If we under-appreciate its value, we may also be neglecting its care.
The Mississippi is a celebrity river, one of our community's claims to fame. But sometimes local residents forget that it's also an important asset for the Twin Cities. The 72-mile metropolitan stretch of the river that was designated as a national park in 1988 is a tremendous resource; if we underappreciate its value, we may also be neglecting its care.
In the first State of the River Report, the Friends of the Mississippi River and the National Park Service's Mississippi National River and Recreation Area teamed up to take a comprehensive look at key indicators of the river's health -- things like wildlife abundance, sediment content and contaminant levels. The report concluded that while progress has been made, there are aspects of river health that are suffering and bound to get worse if not addressed quickly and decisively.
So why should anyone care? For starters, about 1 million Minnesotans rely on the river for drinking water. While municipal water is obviously cleaned and treated, some pollutants are very difficult to remove completely. And water processing is expensive. Minneapolis and St. Paul combined spend $40 million on water treatment each year, a cost partly dependent on the river water quality.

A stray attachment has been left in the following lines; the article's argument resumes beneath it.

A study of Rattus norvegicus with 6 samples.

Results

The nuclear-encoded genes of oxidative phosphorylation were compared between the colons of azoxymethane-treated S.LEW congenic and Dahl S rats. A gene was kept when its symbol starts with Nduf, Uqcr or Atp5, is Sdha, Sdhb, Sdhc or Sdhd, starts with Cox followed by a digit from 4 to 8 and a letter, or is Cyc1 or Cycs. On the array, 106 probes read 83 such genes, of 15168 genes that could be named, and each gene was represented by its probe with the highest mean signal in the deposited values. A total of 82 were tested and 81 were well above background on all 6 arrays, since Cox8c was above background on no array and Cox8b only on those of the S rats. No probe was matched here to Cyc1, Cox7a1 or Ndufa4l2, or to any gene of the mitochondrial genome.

In addition, the river lets urban residents experience the outdoors. We have world-class fishing in the metro Mississippi, and the Twin Cities stretch includes the river's only waterfall (St. Anthony Falls) and only gorge.
The river is also a globally significant ecological system, a flyway for 40 percent of North America's waterfowl. Economically, the river contributes to the vitality of the Twin Cities as an important transportation avenue and as a source of renewable hydropower. Riverfront parks and trails help stabilize property values. River tourism generates revenue and creates jobs.
We encourage local, state and federal leaders to push a new wave of policies to address the negative trends. Individuals can play a part, too, by contacting their leaders and by learning what they can do in their homes, yards and communities to help protect the Mississippi.
Whitney Clark is executive director of Friends of the Mississippi River. Paul Labovitz is superintendent for the National Park Service at the Mississippi National River and Recreation Area.